Laughter makes ‘Triangle’ worth the trek
Something I’ve never witnessed before is happening in Kihei. I’ve overheard seniors protest on several occasions that a play is too sexual, usually involving content, brief nudity or a revealing costume. At the Friday opening of “Bermuda Avenue Triangle,” it was the under-40 crowd who appeared shocked by the sexual nature of senior performers, but the seniors in the audience howled with laughter.
“Triangle” may not be for everyone (it’s definitely not appropriate for children), but it is very funny. And it poses a fascinating question: Why should scantily clad older women using sexually provocative language be any more or less shocking than if they were in their 20s?
Barbara Sedano as Fannie Saperstein and Sharyn Stone as Tess La Ruffa provide polished, professional and realistic performances as two stereotypical angst-filled New Yorkers.
On occasion I have questioned if Maui can pull of New York comedy, but that is not the case with ProArts’ and director Kristi Scott’s production of “Triangle.” Equally strong in both accent and attitude are their daughters Sharleen Lagattuta as Rita and Angela Thompson as Angela.
“Triangle,” be it script or opening-night jitters, was a bit of a slow starter but found its groove upon the arrival of Rabbi Levine, played by Gary Shin-Leavitt. His performance was impeccable and a high spot of the production, down to the walk he chose for nebbishy Rabbi Levine.
After Rabbi Levine convinces the ladies to participate in a hike with seniors in their condo community, Fannie and Tess wander off, resulting in a mugging. Out of the bushes appears Johnny Paolucci, played by Scott Newman, who rescues them despite being in a drunken stupor. Newman’s take on the suave Italian Johnny was a little less than an obvious choice, but once you get used to it, he commands the stage, warranting sympathy, mistrust, disdain and lots of laughs.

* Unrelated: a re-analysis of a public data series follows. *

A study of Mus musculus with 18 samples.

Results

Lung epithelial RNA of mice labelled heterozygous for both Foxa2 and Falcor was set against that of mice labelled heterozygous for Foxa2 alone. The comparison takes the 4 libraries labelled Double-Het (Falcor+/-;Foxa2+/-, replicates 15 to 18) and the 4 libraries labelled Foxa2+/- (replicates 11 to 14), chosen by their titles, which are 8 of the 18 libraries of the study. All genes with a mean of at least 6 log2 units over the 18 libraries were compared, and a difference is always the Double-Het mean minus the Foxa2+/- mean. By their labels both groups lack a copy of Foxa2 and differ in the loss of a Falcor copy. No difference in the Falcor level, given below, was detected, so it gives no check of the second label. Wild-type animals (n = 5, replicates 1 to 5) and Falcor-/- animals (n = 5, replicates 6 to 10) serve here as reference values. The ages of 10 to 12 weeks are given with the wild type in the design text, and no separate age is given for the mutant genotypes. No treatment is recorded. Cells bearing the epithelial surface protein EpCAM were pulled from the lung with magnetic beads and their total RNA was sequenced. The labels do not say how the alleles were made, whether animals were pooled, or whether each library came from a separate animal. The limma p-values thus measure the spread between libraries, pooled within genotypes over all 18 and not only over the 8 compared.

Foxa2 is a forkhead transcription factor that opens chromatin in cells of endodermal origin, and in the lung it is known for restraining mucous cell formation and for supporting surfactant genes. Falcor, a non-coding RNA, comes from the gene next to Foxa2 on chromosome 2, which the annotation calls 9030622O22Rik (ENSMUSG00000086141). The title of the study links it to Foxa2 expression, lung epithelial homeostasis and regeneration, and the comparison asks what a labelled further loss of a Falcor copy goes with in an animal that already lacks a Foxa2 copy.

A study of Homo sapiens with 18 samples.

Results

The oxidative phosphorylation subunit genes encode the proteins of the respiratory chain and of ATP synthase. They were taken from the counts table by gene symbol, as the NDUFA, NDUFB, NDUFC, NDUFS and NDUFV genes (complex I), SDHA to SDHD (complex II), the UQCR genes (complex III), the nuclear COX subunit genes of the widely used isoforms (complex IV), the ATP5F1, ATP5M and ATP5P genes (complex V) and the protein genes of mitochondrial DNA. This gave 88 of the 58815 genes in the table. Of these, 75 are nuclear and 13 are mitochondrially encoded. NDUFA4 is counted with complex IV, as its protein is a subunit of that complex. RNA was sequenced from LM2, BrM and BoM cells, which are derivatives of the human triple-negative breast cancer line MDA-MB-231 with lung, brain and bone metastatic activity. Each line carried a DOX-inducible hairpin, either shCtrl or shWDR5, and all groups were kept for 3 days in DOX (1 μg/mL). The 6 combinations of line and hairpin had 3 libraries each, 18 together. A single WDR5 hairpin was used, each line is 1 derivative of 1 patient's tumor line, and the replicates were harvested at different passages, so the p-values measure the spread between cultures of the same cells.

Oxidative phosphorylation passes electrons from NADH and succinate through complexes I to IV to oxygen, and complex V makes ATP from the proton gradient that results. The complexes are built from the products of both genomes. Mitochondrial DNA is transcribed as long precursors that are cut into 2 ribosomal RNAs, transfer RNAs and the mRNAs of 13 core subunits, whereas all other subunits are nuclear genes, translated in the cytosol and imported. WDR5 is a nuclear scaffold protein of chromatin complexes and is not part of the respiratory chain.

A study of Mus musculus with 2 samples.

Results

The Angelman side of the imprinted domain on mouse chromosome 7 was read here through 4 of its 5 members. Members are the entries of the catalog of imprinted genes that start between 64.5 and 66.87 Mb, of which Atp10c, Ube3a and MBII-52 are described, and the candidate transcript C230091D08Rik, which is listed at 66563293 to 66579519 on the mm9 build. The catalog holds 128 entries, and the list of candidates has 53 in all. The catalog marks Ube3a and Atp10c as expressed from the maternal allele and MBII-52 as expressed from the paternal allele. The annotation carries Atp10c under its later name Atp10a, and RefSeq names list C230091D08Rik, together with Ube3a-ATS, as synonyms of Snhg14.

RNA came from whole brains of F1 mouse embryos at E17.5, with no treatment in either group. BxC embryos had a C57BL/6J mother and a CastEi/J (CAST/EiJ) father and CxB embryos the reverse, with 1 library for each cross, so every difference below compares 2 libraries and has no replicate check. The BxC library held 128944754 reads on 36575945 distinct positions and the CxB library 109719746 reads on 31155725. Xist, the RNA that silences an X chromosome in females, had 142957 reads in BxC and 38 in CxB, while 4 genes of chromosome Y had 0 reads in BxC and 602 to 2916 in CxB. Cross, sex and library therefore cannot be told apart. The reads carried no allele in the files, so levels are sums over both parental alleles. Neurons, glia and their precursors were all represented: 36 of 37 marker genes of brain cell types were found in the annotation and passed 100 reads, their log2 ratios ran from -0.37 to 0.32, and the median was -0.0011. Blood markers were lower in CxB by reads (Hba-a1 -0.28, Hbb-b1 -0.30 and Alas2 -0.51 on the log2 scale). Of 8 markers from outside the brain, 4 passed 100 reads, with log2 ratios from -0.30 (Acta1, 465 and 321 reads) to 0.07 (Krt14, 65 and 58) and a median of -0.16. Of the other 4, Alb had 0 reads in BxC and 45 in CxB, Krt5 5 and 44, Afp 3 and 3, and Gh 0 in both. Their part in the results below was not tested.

My one issue with “Triangle” is: Can two lifelong New York women really be so gullible and so easily duped? However, it’s easy to believe if you desperately want something to be true.
Transformation arises during “Triangle.” Once Johnny weasels his way into permanent friend-with-benefits status, the new Fannie and Tess emerge Vegas-trashy-chic. Their new fashion choices reminded me of “an Australian Transvestite nightmare,” a line out of “This is Spinal Tap.” Costume designer Sarah Loney certainly had fun with this one, and her creations deliver some of the biggest laughs of the night. Caro Walker’s scenic design also garners several laughs from the Pepto-Bismol pink walls, to poker chip pillows and a bustiere handbag.
Also, the concept of “three” echoes throughout the show. There are three main characters, a so-called menage e trois, and three separate transformations. Johnny finally comes clean, telling Fannie and Tess the less than glamorous truth, and the ladies make peace with their daughters, effectively mending two broken relationships.
In the end, authors Taylor and Bologna leave viewers with three ideas – acceptance, forgiveness and love, attributes on which we can all relate.
* “Bermuda Avenue Triangle” continues through Oct. 27. Performances are 7:30 p.m. Thursdays, Fridays and Saturdays and 3 p.m. Sundays at the ProArts Playhouse in Kihei. Tickets are $22; kamaaina discounts for Hawaii residents are scheduled for showings tonight and Oct. 24. For details, call 463-6550.